Jazz guitarist Herb Ellis dies aged 88
The musician, who had Alzheimer's disease, died at his home, his son told the Los Angeles Times.
Ellis, whose career spanned six decades, performed with what is regarded as the classic line-up of the acclaimed Oscar Peterson Trio.
He also worked with jazz greats including Ella Fitzgerald, Jimmy Dorsey and Louis Armstrong.
Ellis - who was born in 1921 in Farmersville, Texas - was performing in the trio Soft Winds in a concert in Buffalo, New York, in 1952, when pianist Peterson spotted his talent.
"He liked it," Ellis told the Los Angeles Times in 1993.
"So he and I went out later that night and jammed at some place in Buffalo.
"I didn't see him again until 1953 when [guitarist] Barney Kessel left his group - that's when he called me for the job."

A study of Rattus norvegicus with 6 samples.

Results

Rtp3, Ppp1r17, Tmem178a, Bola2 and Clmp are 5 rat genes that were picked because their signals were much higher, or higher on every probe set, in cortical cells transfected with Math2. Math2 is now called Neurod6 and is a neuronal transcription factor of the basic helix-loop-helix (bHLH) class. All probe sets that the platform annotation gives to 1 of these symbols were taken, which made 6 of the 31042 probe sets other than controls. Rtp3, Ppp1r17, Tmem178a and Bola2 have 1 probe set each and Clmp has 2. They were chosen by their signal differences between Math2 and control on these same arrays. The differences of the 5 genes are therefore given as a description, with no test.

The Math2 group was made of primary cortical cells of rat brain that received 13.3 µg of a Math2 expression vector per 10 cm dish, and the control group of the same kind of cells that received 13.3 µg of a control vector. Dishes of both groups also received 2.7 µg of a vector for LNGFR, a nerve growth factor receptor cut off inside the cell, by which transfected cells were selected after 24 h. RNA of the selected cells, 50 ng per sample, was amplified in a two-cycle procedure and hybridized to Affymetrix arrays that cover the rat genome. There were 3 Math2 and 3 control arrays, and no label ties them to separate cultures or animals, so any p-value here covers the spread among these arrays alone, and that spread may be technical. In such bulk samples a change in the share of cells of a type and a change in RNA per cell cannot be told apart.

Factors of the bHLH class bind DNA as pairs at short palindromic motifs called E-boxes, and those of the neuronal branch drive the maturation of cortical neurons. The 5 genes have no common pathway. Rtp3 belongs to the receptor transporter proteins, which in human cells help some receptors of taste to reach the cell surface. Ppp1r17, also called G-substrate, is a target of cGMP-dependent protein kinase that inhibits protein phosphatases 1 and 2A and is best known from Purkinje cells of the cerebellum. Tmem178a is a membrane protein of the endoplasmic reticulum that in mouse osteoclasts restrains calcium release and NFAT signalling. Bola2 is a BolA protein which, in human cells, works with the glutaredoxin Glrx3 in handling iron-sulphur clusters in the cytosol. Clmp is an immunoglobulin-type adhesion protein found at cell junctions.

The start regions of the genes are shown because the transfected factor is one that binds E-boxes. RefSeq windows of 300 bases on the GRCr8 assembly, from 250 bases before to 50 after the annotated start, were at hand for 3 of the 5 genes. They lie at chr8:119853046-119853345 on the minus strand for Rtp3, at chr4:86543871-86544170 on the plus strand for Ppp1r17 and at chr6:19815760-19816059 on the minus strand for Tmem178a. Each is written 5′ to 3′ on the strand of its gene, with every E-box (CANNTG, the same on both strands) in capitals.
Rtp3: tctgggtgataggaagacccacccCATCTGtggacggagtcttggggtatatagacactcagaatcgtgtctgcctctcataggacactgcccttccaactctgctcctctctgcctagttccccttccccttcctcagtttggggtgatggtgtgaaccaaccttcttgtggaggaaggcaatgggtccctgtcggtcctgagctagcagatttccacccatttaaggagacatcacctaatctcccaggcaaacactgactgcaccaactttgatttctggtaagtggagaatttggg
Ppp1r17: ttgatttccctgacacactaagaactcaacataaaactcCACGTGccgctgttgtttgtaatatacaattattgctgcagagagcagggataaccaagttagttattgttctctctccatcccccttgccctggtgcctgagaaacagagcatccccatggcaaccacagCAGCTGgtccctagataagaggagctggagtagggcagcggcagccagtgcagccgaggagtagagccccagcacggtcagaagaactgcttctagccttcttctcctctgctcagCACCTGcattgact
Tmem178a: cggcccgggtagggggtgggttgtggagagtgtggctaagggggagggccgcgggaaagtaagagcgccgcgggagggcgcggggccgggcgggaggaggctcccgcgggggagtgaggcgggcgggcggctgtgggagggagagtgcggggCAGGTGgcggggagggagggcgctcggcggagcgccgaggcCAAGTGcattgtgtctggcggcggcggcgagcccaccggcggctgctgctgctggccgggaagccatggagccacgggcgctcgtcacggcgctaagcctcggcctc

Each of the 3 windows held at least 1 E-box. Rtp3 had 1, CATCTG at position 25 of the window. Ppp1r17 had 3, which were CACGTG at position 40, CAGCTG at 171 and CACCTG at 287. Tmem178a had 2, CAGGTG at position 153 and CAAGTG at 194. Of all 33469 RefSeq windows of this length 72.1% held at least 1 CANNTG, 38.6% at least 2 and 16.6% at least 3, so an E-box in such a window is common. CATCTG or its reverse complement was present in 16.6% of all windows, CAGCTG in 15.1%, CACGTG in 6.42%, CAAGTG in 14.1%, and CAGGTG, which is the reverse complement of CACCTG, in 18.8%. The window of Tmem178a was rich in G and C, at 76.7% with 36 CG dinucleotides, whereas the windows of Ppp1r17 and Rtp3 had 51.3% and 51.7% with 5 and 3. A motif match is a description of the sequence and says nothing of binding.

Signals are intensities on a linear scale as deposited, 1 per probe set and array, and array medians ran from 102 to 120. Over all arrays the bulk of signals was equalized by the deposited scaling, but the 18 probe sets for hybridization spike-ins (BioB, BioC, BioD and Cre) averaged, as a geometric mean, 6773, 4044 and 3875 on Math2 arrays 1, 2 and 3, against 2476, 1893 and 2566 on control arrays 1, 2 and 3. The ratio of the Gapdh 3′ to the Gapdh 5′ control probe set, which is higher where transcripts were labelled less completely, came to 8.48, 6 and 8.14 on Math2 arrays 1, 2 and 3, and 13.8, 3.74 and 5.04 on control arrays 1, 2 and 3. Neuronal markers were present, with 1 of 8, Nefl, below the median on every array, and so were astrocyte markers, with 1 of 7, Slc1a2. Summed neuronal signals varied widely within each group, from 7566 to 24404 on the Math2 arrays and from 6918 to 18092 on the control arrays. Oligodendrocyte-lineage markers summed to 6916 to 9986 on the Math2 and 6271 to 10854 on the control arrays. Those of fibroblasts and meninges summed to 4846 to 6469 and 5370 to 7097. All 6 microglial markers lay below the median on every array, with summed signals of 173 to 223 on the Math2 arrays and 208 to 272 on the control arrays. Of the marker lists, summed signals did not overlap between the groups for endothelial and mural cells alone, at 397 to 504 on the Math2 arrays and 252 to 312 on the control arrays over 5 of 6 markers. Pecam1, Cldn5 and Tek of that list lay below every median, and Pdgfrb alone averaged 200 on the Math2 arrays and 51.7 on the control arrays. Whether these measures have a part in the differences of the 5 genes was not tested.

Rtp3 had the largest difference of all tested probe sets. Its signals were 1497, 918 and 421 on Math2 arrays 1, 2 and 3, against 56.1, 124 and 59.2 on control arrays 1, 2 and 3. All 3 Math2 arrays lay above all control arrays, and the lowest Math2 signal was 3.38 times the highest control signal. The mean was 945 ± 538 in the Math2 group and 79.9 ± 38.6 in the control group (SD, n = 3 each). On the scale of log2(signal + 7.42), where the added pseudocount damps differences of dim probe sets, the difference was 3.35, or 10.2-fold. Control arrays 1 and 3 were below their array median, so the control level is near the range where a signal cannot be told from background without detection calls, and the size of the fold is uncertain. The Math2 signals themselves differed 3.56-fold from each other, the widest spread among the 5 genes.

Peterson and Ellis performed with bassist Ray Brown in the ensemble between 1953 and 1958 before they reunited in the 1980s.
"That time was very special to all of them," his son, Mitch Ellis, told the Los Angeles Times.
"He and Ray roomed together - they were really best friends."
The trio worked hard and practised for "hours and hours", he added.
"When they got back together in the '80s it was a lot more fun, a lot more relaxed."
Grammy organiser The Recording Academy said, in a statement, that Ellis, who won two of the awards, was "devoted to playing what he called straight-ahead mainstream jazz".
"As jazz has changed through the years and different styles have developed, Ellis always remained true to the form he played from the beginning," the statement added.
"The jazz world has lost a great musician and we extend our deepest sympathies to his family, friends, and all who enjoyed his work."